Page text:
Govt to push SOE reform
Not enough progress seen so far: experts
“The government needs to activate the SOE reform to set other reforms in motion.”
Expert on State-owned enterprise reform
The government’s recent pledge to put reform of domestic State-owned enterprises (SOEs) in a “central position” shows the country’s determination to build a market-oriented economy, experts said on Wednesday.
Chinese Vice Premier Liu He said during an SOE reform forum held in Beijing on Tuesday that the government should realize the central role of deepening SOE reforms, the government website gov.cn reported.
“The government should have this line of thinking – that it is better to break one finger than to hurt 10,” Liu said, adding China must “bravely, practically proceed with the SOE reforms.”
The government’s pledge to pursue SOE reform comes at a time when some overseas countries, particularly the US, have accused China of not being a market economy. The Chinese economy has also been pressured by various external factors, such as global financial fluctuations and the Sino-US trade dispute, and some overseas organizations have marked down their expectations for China’s economic growth prospects for 2018 and 2019.
In November 2017, the US submitted a statement describing China as a non-market economy to the World Trade Organization, according to media reports.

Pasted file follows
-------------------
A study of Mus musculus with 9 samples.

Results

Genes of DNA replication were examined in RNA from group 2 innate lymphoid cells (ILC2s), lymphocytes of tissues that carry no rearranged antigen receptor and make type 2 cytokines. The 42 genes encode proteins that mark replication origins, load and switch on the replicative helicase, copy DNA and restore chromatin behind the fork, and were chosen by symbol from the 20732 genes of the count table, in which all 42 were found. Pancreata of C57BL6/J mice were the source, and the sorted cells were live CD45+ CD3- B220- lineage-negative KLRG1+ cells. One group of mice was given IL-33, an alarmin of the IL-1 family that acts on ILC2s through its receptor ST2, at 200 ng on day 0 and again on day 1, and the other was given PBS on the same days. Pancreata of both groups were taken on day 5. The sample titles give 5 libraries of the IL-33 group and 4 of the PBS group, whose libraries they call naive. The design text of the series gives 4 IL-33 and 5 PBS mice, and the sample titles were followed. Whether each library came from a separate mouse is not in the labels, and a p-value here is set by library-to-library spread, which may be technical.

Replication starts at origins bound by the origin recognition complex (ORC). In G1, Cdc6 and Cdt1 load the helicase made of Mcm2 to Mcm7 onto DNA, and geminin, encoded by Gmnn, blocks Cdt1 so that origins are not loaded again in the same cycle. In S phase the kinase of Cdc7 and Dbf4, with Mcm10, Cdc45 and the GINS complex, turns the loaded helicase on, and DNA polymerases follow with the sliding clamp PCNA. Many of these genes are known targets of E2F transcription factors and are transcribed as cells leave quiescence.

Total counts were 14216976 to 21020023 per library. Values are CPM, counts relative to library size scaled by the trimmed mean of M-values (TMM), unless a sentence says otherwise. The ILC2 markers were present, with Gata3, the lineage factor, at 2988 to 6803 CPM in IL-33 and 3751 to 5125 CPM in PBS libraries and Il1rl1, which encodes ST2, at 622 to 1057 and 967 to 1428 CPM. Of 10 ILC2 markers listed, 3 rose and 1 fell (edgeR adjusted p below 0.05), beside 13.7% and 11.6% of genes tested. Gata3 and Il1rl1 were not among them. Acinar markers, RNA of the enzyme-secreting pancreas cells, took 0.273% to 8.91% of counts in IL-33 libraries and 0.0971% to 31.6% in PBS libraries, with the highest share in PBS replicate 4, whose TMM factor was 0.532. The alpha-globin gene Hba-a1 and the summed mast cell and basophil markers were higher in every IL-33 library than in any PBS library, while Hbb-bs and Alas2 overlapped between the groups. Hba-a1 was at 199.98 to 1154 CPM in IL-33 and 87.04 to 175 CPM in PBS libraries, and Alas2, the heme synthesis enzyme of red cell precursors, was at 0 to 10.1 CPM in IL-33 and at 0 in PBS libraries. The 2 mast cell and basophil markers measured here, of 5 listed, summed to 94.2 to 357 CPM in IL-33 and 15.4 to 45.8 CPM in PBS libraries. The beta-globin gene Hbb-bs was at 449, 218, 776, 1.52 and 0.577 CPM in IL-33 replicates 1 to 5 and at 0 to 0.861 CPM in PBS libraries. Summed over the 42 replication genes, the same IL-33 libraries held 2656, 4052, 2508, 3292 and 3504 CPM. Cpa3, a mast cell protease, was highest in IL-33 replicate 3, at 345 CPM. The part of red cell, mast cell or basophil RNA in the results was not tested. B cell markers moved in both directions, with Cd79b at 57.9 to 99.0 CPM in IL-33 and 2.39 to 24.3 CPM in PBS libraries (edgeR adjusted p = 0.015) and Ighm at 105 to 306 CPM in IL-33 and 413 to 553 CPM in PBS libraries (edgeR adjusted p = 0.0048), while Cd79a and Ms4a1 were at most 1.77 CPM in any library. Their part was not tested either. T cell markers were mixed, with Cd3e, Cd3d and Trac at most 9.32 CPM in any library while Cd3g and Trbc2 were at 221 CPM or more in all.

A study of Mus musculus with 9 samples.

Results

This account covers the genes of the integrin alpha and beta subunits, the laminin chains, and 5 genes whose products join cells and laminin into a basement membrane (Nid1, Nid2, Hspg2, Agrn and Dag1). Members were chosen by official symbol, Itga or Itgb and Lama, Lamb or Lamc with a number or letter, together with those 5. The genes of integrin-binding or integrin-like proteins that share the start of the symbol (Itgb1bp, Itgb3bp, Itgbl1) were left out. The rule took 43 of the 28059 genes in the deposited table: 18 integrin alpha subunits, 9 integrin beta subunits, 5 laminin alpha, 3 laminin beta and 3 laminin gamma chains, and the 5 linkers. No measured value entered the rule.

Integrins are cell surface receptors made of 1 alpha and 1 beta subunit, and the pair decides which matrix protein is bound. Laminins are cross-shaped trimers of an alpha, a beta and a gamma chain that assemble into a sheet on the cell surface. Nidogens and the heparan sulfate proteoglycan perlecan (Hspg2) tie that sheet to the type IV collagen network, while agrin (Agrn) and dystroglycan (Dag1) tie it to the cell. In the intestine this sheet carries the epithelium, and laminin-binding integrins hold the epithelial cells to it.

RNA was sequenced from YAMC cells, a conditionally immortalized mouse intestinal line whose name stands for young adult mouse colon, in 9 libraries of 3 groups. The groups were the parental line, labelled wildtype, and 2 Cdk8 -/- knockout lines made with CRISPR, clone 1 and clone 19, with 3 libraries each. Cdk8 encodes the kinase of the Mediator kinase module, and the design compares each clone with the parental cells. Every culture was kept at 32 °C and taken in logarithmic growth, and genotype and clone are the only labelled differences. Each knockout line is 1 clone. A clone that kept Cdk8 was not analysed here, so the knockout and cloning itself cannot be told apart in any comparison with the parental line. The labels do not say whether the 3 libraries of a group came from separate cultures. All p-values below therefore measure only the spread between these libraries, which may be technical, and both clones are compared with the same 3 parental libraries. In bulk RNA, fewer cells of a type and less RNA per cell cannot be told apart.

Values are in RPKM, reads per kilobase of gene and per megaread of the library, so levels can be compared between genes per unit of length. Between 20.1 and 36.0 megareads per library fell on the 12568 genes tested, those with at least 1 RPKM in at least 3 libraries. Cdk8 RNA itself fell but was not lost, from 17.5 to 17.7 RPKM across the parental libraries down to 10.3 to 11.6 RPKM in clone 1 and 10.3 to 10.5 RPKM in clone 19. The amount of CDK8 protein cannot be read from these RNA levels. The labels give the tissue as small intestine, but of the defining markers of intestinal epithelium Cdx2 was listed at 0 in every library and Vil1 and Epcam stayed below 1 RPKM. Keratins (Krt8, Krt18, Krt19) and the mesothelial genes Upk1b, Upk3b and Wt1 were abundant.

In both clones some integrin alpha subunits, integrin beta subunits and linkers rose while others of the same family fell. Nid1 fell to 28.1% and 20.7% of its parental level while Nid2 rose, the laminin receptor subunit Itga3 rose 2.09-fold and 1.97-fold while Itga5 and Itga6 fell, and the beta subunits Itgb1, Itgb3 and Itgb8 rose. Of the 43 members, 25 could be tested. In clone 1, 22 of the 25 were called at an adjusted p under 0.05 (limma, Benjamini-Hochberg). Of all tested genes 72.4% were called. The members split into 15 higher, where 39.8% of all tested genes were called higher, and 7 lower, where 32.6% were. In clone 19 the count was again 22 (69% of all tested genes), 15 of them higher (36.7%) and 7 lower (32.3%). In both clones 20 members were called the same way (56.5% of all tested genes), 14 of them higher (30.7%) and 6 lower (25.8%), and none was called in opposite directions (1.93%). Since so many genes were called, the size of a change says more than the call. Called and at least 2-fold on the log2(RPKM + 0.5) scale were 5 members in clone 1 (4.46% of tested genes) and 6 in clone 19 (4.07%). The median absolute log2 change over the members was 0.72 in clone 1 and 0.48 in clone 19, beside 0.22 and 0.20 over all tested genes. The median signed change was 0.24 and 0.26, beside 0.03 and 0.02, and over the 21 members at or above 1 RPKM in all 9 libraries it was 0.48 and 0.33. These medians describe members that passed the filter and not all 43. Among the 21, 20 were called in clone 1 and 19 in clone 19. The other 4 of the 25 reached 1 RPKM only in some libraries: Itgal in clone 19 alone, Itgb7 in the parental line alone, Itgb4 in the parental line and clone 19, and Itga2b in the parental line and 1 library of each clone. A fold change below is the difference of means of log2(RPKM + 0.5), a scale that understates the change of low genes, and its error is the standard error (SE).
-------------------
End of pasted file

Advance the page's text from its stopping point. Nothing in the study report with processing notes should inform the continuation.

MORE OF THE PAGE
Li Jin, an expert on SOE reform, said that the government’s call for SOE reform is a kind of response to the world, showing that China is unchanged and won’t falter in moving toward a more market-oriented economy.
“The claim about the central position of SOE reform shows that of all China’s current reform missions, such as tax reform and others, SOE reform will have the most decisive role. The government needs to activate the SOE reform to set other reforms in motion,” Li told the Global Times on Wednesday.
Ye Hang, an economics professor with the College of Economics at Zhejiang University, said that as the private sector is going through a hard time, the government wants SOEs to play a greater role in boosting the domestic economy.
In his speech, Vice Premier Liu listed six directions for pushing forward the SOE reforms, including proceeding with mixed-ownership reform, pushing through market-oriented operating mechanisms and reforming the authorized operation system.
Experts pointed out that the SOE reforms carried out so far have not led to concrete accomplishments, and now the time has come for SOE reforms to evolve from the “guideline” level to the practical stage.
“Very few SOEs have made practical and profound changes in key areas like the equity structure and salary system,” Feng Liguo, a research fellow with China Minsheng Bank, told the Global Times on Wednesday. “Many SOEs have not rolled out clear, detailed plans or made them known to the public,” he said.
But once such reforms are activated, they will bring significant changes to the domestic economy, Feng said.
“Now there are about 150 trillion yuan ($21.7 trillion) worth of assets supervised by the State-owned Assets Supervision and Administration Commission, but the majority of those assets are either idle or inefficient. If the assets can be activated by the SOE reforms, it will contribute greatly to the general economy,” he noted.
But experts also noted that pushing SOE reforms does not mean the government will ignore or downgrade the private sector.
At a forum on September 28 in Taizhou, East China’s Zhejiang Province, Premier Li Keqiang noted that the government will insist on equal treatment for companies with different ownership structures, according to information posted on gov.cn.
Visitors experience bread making at State-owned Beijing Yili Bread Food Co in June.